China Lion Film

Feng Xiaogang in Mr. Six


SBIFF’s The Wave Film Festival

Pacific Rim Cinematic Fare at the Riviera


Avid and/or addictive film festivalgoers in Santa Barbara have been duly trained, and possibly spoiled, by living in a city with a world-class film festival. They also know the inherent bittersweet sensation when the annual winter Santa Barbara International Film Festival (SBIFF) calls it a wrap. But booster shots of film fest lore and content have been popping up in public.

Thankfully, SBIFF has been making inroads to keeping its presence on the cultural calendar year-round, with Wednesday screenings at Plaza de Oro, special screenings and celebrity visitations in the Cinema Society series, the recent acquisition of the Riviera Theatre (see last week’s Santa Barbara Independent story), and now the continuing saga of the mini-film festivals under the band The Wave Film Festival.

In its second year of operation, the Wave phenom — French and Latin and Spanish films last year, and this week’s Pan-Asia festival (running May 11-15), at the festival’s newly announced official theater home up at the Riviera — is one event in what may become a quarterly occasion. The Wave festival director, Mickey Duzdevich, also a senior programmer at SBIFF, asserted that in putting together the compact mini-fests, “we just try to find the best films possible — films that allow audience members to travel the world without leaving their own backyard,” he said. We try to make sure there is something for everyone. We want action, drama, romance, comedy — anything else you can think of. “It’s hard to find 11 amazing films to group together, but as long as each audience member finds one film out of the group that they can’t get out of their head and want to talk about it, then it’s a job well done.”

Films making The Wave grade come from different sources and angles, including as offshoots of the SBIFF mother ship. The Pan-Asia selection offers some equal time balance after this year’s SBIFF overall roster didn’t allow for an official Asian sidebar. One of this weekend’s films, the Chinese crime flick Mr. Six, was intended to be shown at the fest, but legal issues caused it to be pulled at the 11th hour. Once a certain scene was re-cut, the film was able to make the trans-Pacific trip to Santa Barbara for this weekend.

Right Now, Wrong Then

I was able to screen a trio of films from South Korea playing at The Wave, attesting to the stated diversity principle in the programming. Director Kwon Oh-kwang’s Collective Invention shifts deftly from dark satire to melancholy in its outlandish, metaphorical tale of a mutant “fish man” subjected to medical experiments, public scorn, and freakish curiosity to Frankenstein-ish narrative ends. That film comes from a radically different place than the gritty, sometimes histrionic but also gripping corrupt-cop caper The Chronicles of Evil, from director Beak Woon-hak.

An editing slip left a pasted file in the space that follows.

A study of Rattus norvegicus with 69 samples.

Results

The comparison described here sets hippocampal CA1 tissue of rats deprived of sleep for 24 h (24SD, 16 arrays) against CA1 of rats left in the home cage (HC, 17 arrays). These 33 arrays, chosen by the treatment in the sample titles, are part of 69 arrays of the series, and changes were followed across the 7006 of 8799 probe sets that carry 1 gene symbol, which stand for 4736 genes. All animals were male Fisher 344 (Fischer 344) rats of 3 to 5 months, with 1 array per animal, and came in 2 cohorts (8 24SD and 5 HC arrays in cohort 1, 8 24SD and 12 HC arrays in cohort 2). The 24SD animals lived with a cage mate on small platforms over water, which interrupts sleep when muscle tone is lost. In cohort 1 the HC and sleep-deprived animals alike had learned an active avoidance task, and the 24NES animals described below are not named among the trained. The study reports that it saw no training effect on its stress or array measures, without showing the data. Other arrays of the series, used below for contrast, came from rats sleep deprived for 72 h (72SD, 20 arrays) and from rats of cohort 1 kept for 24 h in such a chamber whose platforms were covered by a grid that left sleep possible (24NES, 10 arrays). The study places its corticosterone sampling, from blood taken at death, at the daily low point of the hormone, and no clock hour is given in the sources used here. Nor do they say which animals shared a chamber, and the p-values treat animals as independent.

Those with more open-minded “art house” leanings are advised to catch Right Now, Wrong Then, a slow and contemplative yet unexpectedly seductive and structurally unusual film from Korean writer/director Hong Sang-soo (responsible for the strangely beguiling film Woman Is the Future of Man, which played at SBIFF a decade ago, and stirred conversation and small puffs of controversy). In this film about film work, a Seoul-based “art film” director’s visit to Suwon for a screening/Q&A and his wooing of a local woman is literally presented in double-vision fashion, its two hour-long accounts exploring the elasticity of fate and the malleability of “takes” and storytelling — and life itself — in arriving at a film’s finished form. It’s the kind of film best seen on a looming screen, without a pause button at the ready.

Implicit in the expanding public presence and agenda of SBIFF — from the main event early in the year outward — is a commitment to keeping cinema available in its intended form, on the big screen, in darkened rooms in our city. You can try this at home, and the lure of in-house streaming and ever-improving artistic standards of “mainstream” television has taken its toll on film as a public experience, but “We feel the community enjoys what we offer, and now we can provide even more,” Duzdevich said. “There will always be people who enjoy the comfort of their own home, but I don’t see the theatergoing experience dying out any time soon. It might evolve but will never be gone. There is something special about going into a room with others that share your excitement for film and experiencing it together. It’s an experience you can’t get at home.”